In 1874 after the British has successfully merged the independent states of Ghana into one territory, they proclaimed it as a Crown Colony and named it the Gold Coast.
87 years later, Gold Coast was changed to Ghana on attainment of Independence, following a research conducted into the origin of Akans among the inhabitants of the country. The research revealed that the Akan tribe which contribute more than half of the country’s population migrated from the south-eastern Mauritania and part of Mali known as the Ancient Ghana. So they came to conclusion that as their mind is made up about changing the name giving to them by a foreigner (Gold Coast), why not replace it the name of the place that most of the country’s population originally originated from – which is the Ancient Ghana.
Below is a brief history of the ancient Ghana and what inspired the Asantes to move to current Ghana.
The ancient Ghana Empire existed between 750 and 1036 and derived her power and wealth from the trans-saharan trade in gold and salt. Much of what is written about the empire come from Arab historians and researchers, such as Al-Hamdani who described Ghana as having the richest gold mines on earth, mostly situated at Bambuk on the Upper Senegal River.
The citizens were well known for their trade in slaves and copper in exchange for textiles, beads, and other finished goods. The capital city of the ancient Ghana known as Kumbi Saleh was built on the edge of the Sahara and it rapidly became the most dynamic and important southern terminals of the Saharan trade routes. Ancient Ghana became one of the major trading centres with it’s route taken by traders of the Maghreb to Ghana, starting inNorth Africa in Tahent coming down through Sjilmasa in Southern Morocco. From there the trail went south and inland, running parallel with the coast, then South- eastwards through Audaghust and finally ended in Kumbi Saleh.
Eventually, Islam was introduced into the country by traders who were mostly members of the Islamic religion. Islamic worshippers developed their own community at a distance away from the king’s palace. They had their own mosques and schools while the King retained his traditional beliefs. The two religious beliefs were bound toresult in a conflict between the adherents and the traditionalists. The King by tradition and customary practice had to exercise some sort of control over the entire country which included the state of Takrur which had adopted Islam as it’s official religion. Nonetheless, the King drew on the book-keeping and literary skills of Muslim scholars to help run the administration of the empire.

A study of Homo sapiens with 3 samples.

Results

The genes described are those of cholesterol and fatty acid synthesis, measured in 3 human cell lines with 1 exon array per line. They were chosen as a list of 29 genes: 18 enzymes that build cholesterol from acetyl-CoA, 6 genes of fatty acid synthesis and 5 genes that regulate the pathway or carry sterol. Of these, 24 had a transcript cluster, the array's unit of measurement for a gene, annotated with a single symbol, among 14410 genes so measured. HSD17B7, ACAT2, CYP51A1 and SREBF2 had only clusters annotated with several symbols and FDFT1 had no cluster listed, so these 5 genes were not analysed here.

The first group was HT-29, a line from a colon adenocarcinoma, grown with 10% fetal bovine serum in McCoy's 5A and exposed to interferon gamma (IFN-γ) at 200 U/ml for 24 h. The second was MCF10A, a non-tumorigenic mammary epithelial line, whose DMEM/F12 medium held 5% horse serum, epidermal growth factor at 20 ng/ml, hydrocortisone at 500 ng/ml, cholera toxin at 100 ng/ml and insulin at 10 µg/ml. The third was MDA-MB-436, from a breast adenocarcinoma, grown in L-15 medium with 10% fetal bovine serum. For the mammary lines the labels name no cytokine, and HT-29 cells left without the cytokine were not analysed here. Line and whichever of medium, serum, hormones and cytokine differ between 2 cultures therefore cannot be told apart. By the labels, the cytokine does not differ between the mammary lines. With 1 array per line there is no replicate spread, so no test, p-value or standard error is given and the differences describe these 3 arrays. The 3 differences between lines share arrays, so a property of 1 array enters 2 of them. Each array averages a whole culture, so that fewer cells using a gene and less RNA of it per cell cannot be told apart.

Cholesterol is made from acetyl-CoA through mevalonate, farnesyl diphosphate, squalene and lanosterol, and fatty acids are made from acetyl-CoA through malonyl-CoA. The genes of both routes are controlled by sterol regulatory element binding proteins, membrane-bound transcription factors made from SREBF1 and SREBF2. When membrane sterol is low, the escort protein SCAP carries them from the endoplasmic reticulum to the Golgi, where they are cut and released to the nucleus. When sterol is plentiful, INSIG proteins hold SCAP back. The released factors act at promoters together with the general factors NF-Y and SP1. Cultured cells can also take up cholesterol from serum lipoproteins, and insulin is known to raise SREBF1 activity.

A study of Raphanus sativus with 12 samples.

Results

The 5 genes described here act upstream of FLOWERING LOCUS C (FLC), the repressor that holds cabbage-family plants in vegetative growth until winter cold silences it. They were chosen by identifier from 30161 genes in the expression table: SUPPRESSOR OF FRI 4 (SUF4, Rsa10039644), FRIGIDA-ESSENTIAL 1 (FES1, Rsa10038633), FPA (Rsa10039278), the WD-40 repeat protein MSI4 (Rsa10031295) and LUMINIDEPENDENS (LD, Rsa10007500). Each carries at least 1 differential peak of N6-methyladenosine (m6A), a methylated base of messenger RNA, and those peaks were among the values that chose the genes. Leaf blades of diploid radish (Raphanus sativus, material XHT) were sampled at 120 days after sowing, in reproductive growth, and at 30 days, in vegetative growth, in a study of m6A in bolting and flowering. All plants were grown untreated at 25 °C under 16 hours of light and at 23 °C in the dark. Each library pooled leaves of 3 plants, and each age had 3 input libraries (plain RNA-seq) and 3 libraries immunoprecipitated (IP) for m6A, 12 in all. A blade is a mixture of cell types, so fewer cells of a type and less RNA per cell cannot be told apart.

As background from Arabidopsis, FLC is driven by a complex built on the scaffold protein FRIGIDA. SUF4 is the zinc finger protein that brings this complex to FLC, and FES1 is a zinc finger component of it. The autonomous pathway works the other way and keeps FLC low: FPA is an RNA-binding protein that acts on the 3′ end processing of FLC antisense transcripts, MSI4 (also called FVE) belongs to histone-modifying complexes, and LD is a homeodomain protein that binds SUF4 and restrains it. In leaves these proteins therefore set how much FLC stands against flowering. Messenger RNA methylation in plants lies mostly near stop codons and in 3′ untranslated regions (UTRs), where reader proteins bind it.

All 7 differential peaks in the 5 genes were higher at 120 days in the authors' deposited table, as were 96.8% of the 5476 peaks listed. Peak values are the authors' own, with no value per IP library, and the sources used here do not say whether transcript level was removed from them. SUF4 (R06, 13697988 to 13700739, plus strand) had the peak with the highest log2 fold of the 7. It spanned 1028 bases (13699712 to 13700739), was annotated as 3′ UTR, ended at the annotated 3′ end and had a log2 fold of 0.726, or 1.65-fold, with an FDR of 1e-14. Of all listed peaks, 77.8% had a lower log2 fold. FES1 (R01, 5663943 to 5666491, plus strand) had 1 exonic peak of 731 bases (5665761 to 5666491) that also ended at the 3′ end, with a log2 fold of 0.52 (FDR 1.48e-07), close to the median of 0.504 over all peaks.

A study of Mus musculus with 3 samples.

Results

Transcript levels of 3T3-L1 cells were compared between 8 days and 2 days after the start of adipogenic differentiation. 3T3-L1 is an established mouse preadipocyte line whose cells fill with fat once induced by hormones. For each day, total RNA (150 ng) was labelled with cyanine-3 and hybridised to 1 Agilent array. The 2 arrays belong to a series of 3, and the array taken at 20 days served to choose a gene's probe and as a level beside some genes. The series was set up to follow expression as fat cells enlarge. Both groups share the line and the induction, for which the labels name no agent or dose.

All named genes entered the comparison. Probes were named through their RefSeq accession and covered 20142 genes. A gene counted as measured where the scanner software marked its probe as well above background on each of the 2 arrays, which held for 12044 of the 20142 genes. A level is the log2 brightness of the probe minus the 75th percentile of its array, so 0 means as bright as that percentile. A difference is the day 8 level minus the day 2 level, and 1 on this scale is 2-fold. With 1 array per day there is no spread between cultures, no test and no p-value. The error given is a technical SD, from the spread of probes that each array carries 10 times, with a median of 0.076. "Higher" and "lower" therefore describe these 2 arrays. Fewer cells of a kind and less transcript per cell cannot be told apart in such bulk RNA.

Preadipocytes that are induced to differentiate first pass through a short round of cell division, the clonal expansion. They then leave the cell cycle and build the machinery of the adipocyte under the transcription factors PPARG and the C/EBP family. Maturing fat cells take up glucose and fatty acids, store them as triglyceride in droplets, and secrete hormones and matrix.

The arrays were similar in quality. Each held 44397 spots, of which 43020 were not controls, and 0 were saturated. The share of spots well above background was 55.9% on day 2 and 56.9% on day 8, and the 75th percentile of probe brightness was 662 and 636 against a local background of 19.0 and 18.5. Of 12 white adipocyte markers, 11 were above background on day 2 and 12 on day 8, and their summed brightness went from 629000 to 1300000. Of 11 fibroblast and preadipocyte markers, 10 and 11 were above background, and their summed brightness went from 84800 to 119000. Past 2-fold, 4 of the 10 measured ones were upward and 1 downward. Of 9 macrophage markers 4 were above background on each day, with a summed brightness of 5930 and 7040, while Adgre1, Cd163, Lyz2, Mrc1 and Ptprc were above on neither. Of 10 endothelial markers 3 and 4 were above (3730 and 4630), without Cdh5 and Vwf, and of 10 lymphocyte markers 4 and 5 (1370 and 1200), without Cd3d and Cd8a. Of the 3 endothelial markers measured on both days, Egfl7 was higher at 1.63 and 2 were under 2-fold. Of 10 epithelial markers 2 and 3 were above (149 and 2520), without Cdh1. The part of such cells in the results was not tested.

Evidence produced by archaeologists confirms the vibrancy and prosperity of the ancient Ghana abound in sheep, cows and even goats. But by the end of the 12 century, the country was faced with a disaster. Draught! Had begun with a long-term effect on the land and its ability to sustain cattle and cultivation. In addition to the woeful effect of the draught which resulted in famine and it’s untold hardships, the King also had lost his monopoly of the trade which was the mainstay of the economy of the country ancient Ghana. In the 11th and 12th centuries, new gold fields had been discovered at Bure in modern Guinea with new trade routes opening up further east. Ghana from that time became the target of attack by the Sosso ruler, Sumanguru. It was generally believed that the attacks on Ghana were spearheaded by the Almoravid muslims who came from North Africa to invade the country.
The muslims whose population had gradually grown over the years began to force the indigenes of the ancient Ghana to accept Islam as a national religion. The traditionalists initially put up resistance which resulted in civil strife, as more and more muslim reinforcement came from North Africa to support the Muslim community to overcome the indigenous resistant forces.
From this conflict emerged the Malinke people under a new dynamic ruler Sundiaka Keita. With the advent of the Malinke dwellers, a new Empire surfaced which eclipsed the ancient Ghana. This new empire was later discovered to be the Mali Empire. As the Muslims intensified their attacks on the indigenes, they decided to migrate southwards, Groups of families traveled several months through the desert until they crossed the White and Black Volta Rivers and settled at Takyiman in the savanna forests of Bono.
After a while, some of the families decided to continue the journey down the south with individual families settling in the forest areas whilstvothers moved further down and settled on the coastal lands.